This is part two of a 14-part Wisconsin preview.
It will be more than a little odd not seeing Brooks Bollinger under center for Wisconsin this season. After all, the last time Brooks Bollinger was not the Badgers No. 1 quarterback was early in the 1999 season, before Bollinger took the reigns for good against Ohio State in a 42-17 victory that propelled the Badgers to their second straight Rose Bowl title.
Then again, it won't be that odd to see Jim Sorgi lead the offense. Sorgi has thrown for 2,247 yards in three seasons in reserve, 14th in Wisconsin history. If Sorgi had the 300 minimum pass attempts to qualify (he has 271) his career 134.9 passing efficiency rating would be No. 1 in team history.
So Sorgi has done this before, especially two seasons ago, when he subbed for an often injured Bollinger and completed 64 of 132 passes for 1,096 yards, nine touchdowns and eight interceptions. Sorgi, though, has to get 0-5 off his back. In three seasons, Sorgi has started five games, and Wisconsin lost all five. Statistics can be deceiving though. Sorgi has won games as the Badgers signal-caller, leading comeback victories against Michigan State and Indiana in 2000 and guiding the Badgers to victory over Virginia two years ago. Plus, in three of Sorgi's five losses as a starter, he threw for more than 200 yards and two touchdowns and lost to quarterbacks named Drew Brees, Joey Harrington and David Carr.
All of that is fine and dandy, of course, but the present is what matters now. Sorgi has an arsenal of offensive weapons at his disposal and some mighty hefty expectations have been thrust on the team's, and his, shoulders this season.
The offense will definitely take on a different personality with Sorgi replacing Bollinger. Sorgi is far more likely to throw the ball downfield than Bollinger was. Sorgi is actually a better athlete than Bollinger—more nimble on his feet and significantly faster. Sorgi, though, will likely scramble in order to buy time to fling the ball to one of his receivers, whereas Bollinger had a propensity for making things happen with his feet.
At 6-5, Sorgi has ideal height and he surveys the field well. His strength as a passer continues to be throwing the deep ball, which he does as well as any collegiate quarterback. Sorgi's arm strength has improved significantly and it has shown on the command with which he throws intermediate and shorter passes. Throughout his career as a reserve, Sorgi's completion percentage has been on the low side, but that is due to a significant degree to how often he looked to stretch the field, a low percentage option. Sorgi has adequate accuracy. He is never going to be confused with Joe Montana, but more often than not he puts the ball in a place where his talented receivers can make a play on it.
If Sorgi has one liability it is that he may have too much faith in his arm and his receivers. Bollinger at times held the ball and avoided taking chances to a fault, which played a huge role in the number of sacks Wisconsin suffered last season. Sorgi, on the other hand, will at times force a pass into too-tight coverage. The results are multi-faceted. The Badgers passing game surely will be more productive this season and the sack total should be diminished, but Sorgi will most likely throw more interceptions as well.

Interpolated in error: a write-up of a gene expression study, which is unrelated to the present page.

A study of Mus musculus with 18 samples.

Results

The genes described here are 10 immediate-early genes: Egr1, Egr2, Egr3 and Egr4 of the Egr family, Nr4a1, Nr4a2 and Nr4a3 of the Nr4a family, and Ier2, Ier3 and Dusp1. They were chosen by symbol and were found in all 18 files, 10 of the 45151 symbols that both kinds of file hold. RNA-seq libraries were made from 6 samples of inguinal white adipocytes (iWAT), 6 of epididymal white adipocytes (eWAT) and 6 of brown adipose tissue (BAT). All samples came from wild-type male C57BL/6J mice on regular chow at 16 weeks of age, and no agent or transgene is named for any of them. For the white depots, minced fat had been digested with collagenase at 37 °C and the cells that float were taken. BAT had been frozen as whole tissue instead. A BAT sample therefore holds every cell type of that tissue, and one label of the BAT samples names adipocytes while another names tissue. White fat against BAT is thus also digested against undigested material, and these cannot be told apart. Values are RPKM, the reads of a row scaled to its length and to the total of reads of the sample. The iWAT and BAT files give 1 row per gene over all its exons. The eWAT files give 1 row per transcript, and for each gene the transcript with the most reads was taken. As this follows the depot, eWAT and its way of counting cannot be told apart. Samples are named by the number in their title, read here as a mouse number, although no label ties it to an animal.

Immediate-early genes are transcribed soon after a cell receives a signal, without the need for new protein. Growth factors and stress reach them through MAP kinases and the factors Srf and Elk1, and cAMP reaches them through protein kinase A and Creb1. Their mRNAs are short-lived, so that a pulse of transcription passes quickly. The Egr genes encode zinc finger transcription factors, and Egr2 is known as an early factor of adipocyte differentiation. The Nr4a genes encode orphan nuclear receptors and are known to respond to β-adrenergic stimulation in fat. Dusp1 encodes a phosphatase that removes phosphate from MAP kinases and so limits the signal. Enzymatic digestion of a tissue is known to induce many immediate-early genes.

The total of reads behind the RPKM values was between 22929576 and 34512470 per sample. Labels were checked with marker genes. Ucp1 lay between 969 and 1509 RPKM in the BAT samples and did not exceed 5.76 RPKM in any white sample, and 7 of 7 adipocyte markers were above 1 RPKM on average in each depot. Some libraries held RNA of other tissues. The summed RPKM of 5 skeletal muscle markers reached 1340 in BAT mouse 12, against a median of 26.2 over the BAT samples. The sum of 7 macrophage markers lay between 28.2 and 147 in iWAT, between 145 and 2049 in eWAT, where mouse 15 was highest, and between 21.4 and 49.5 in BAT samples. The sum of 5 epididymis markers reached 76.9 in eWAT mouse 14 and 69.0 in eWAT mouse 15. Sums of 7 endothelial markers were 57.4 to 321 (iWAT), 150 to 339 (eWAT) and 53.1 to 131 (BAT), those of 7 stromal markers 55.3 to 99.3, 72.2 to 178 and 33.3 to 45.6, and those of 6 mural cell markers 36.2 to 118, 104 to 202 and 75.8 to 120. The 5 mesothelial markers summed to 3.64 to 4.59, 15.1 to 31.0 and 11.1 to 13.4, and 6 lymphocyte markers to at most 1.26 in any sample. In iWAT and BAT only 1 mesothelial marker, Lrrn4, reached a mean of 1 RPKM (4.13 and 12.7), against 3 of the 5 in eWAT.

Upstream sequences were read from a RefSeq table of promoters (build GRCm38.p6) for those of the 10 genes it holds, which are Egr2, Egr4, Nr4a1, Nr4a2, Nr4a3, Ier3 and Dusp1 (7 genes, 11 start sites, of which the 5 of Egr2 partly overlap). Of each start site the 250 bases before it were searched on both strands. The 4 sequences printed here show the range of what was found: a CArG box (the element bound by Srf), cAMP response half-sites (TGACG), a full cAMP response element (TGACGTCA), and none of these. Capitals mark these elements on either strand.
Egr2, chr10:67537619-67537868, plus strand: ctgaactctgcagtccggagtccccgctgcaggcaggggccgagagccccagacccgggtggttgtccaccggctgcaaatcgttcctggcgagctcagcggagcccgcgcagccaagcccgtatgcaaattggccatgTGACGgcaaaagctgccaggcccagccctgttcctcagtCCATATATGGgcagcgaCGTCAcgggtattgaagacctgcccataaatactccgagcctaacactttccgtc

Then there is the question of mentality. Can Sorgi command the team as the starting quarterback on all successful teams must? Sorgi does not display Bollinger's outward competitive drive; his combative toughness. Then again, few do. Sorgi, though, has looked in complete command during practices this fall. He understands the offense as well as anyone and appears almost stoic in his composure. Sorgi knows where he wants to deliver the ball and he is well honed at reading defenses and making the right call. Sorgi's command and leadership will be different from the variety Bollinger displayed. How productive it is, will remain to be seen.
Wisconsin only has four quarterbacks on its roster and was down to three for a short while this fall as No. 2 Matt Schabert nursed a minor arm injury. Schabert, when healthy, has looked good during fall camp. His arm strength is lacking, but he knows the offense so well, and reads defenses so well, that the ball usually ends up in the right place at the right time. He has above average accuracy and a very soft touch on short and intermediate passes. Schabert also has game experience, going 10 of 17 for 177 yards, two touchdowns and one interception in less than one half of work in a 42-28 loss to Michigan State two years ago. He is a capable No. 2.
John Stocco remains the No. 3 quarterback and appears to be gaining ground on Schabert for No. 2. Stocco has a very strong, if at times erratic arm. He is a good athlete with a tough running style somewhat reminiscent of Bollinger. A highly acclaimed prep quarterback, Stocco redshirted last season and will be a big part of what is sure to be an intriguing quarterback competition next spring after Sorgi's year at the helm.
Freshman Tyler Donovan will almost certainly redshirt. Donovan looked a bit out of sorts when camp began; just trying to get a feel for college football. Early in fall work he and freshman center Luke Knauf struggled to get their center exchange down properly, indicative of Donovan's early struggle. His comfort level steadily rose throughout fall work, though. Donovan is an exceptional athlete. He is a little on the small side for a quarterback but he plays bigger, as anyone who saw him shine at Hartland (Wis.) Arrowhead can attest to. Donovan has adequate arm strength, a respectable grasp of the offense at this early stage and is exceptionally quick on his feet. He will run the scout team throughout the season.
It has been broached, and Owen Daniels, the quarterback-turned tight end-turned wide receiver, is the team's emergency quarterback.